And the winner is… Omar Sy! Two days before the beloved and much-heralded Viola Davis lost to Meryl Streep at the Oscars, France’s annual César Awards presented a Best Actor statuette to a Black man for the first time in its 37-year history. Thirty-four-year-old Omar Sy (pronounced ‘see’)—born in Trappes, France, to Senegalese parents—starred as an ex-con-turned-orderly in last year’s French dramatic comedy, Intouchables (already the second-highest grossing film in French cinematic history). Famed film producer Harvey Weinstein bought American remake rights to this Trading Places-like story while it spent ten straight weeks as France’s number one movie last fall.
Still, Sy’s win is as bittersweet for French folks of color as Viola Davis winning an Oscar for playing a maid in The Help would have been to African-Americans.
New York City’s annual Rendez-Vous with French Cinema festival leads off March 1 with a screening of Intouchables. The Oscars just awarded French actor Jean Dujardin its Best Actor statue for The Artist, but Omar Sy beat out even Dujardin at the Césars in their own nation. Like Sidney Poitier in Lillies of the Field or Halle Berry in Monster’s Ball, Omar Sy winning his country’s top acting award should be an historical moment of triumph for the diaspora. The problem is the role.
Variety magazine complained from the beginning that Intouchables “flings about the kind of Uncle Tom racism one hopes has permanently exited American screens.” Omar Sy stars as Driss, fresh out of prison and living in the projects, who scores a gig caring for a wealthy quadriplegic named Philippe. Americans already gorged on this sort of racial/racist buddy flick back in the 1980s (48 Hours, the Fat Boys’ Disorderlies). So we’ve seen it before: Philippe exposes lower-class Driss to high culture, while Driss loosens up Philippe in ways only a magical Negro can—blasting “Boogie Wonderland” up in the mansion, for example. Intouchables doesn’t hit America till May, but if even Variety describes Driss as “nothing but a performing monkey (with all the racist associations of such a term) teaching the stuck-up white folk how to get ‘down’,” the film won’t go over here nearly as well at all.
For his part, Omar Sy already declined an invite to the French White House (Palais de l’ Élysée) from neo-conservative French president Nicolas Sarkozy, who reportedly loves the film. A lot of African-Americans might straightaway judge Sy’s politics because of the fact that he has a White wife, Hélène, but the César winner cracked jokes with the media at the French establishment’s expense immediately after his historic win.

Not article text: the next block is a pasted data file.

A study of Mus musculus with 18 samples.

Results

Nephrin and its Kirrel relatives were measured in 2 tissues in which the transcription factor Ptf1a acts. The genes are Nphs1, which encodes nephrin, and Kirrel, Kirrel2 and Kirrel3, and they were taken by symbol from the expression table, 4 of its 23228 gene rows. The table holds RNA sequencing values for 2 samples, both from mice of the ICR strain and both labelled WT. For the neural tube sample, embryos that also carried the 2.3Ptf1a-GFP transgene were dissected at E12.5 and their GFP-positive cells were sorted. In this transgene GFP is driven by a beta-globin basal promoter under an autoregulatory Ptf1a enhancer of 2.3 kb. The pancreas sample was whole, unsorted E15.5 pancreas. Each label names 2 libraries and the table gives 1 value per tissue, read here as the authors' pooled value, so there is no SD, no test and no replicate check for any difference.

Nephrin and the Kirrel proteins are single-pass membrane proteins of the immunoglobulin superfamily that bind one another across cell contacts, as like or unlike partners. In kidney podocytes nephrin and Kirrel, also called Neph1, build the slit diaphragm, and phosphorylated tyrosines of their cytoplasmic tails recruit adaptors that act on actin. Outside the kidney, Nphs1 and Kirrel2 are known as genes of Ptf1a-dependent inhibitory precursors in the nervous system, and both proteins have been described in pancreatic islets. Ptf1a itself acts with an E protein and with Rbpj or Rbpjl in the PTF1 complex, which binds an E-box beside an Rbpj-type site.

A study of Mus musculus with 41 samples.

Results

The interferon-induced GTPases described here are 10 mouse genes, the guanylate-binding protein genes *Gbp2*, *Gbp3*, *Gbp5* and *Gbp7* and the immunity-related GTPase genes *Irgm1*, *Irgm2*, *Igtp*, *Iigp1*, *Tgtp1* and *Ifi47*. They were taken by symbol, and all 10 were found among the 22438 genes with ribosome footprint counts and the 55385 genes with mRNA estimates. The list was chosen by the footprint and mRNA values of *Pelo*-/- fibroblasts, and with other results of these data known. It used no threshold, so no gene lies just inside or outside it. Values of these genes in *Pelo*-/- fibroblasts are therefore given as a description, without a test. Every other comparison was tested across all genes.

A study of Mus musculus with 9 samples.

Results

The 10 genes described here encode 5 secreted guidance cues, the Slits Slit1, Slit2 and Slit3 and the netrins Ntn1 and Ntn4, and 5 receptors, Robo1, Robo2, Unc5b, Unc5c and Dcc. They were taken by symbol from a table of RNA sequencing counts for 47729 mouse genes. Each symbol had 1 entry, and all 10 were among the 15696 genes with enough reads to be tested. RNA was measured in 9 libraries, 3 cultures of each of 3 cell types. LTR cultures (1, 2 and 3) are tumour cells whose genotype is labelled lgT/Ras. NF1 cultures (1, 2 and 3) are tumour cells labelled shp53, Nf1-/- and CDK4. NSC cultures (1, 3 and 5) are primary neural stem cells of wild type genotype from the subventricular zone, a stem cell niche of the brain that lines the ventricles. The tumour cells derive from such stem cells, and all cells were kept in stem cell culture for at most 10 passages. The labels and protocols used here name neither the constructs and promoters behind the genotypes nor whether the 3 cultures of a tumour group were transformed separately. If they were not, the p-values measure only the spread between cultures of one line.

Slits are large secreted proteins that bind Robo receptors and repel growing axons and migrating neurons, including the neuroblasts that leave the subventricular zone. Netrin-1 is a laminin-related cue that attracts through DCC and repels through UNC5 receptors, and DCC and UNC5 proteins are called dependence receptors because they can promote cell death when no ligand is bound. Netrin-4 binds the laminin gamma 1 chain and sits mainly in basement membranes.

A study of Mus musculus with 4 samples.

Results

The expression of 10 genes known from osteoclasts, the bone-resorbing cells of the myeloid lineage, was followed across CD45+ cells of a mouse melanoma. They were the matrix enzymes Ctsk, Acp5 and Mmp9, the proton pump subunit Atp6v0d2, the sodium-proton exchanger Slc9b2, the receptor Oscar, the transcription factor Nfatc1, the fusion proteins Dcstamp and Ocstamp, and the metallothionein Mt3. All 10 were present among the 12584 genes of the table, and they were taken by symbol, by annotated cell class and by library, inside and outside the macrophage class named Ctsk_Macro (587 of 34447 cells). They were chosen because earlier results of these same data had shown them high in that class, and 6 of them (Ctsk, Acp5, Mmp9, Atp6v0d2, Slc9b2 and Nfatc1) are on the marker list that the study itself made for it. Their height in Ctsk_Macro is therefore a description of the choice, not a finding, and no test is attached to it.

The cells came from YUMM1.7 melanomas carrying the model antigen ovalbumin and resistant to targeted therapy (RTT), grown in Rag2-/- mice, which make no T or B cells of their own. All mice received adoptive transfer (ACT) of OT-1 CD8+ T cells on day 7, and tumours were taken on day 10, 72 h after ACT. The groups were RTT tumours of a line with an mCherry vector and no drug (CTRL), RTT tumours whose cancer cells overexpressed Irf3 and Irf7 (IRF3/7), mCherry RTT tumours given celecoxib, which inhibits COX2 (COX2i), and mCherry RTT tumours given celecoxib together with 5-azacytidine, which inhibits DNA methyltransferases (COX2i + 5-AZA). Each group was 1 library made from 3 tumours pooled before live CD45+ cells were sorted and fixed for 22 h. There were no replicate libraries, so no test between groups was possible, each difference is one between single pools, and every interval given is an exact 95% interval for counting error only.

Known mainly for his Jerky Boys-like phone improvisations on the Canal+ channel’s long-running variety show Omar et Fred, Sy has been acting since the 2001 comedy, La Tour Montparnasse Infernale. Since the success of Intouchables, he’s been voted France’s third-loved public personality (behind two other celebrities of color, interestingly enough: tennis VIP Yannich Noah and soccer superstar Zinédine Zidane). Intouchables already has its American detractors, but most black French people love the film just for showing a super-rare reflection of themselves at their local cinema.
Female director Euzhan Palcy of Martinique earned the first César presented to someone black and French for 1983’s Sugar Cane Alley. The African actor Isaach de Bankolé, husband to jazz singer Cassandra Wilson, nabbed the Most Promising Actor award at the 1987 Césars for his role in Black Mic Mac. But Bankolé and Omar Sy are the only two black actors to have won major Césars, ever. (In it’s 84 year history, the Academy Awards has merely given out 12 to African-Americans, including newbie Octavia Spencer.) Last year, France produced a comedy about slavery (!) entitled Case Départ, about two French-Africans getting displaced in time back to slavery days. Having lived there for the past seven years, I’ll attest firsthand that France can be neurotic when it comes to race. No official statistics are taken about the racial makeup of the country, and portrayals of blacks in the media recall nothing less than Ralph Ellison’s Invisible Man. But like Viola Davis’s thwarted Oscar win, Omar Sy’s César victory should at least help present and future black actors break through racial barriers. For that alone, a muted “bravo” is due.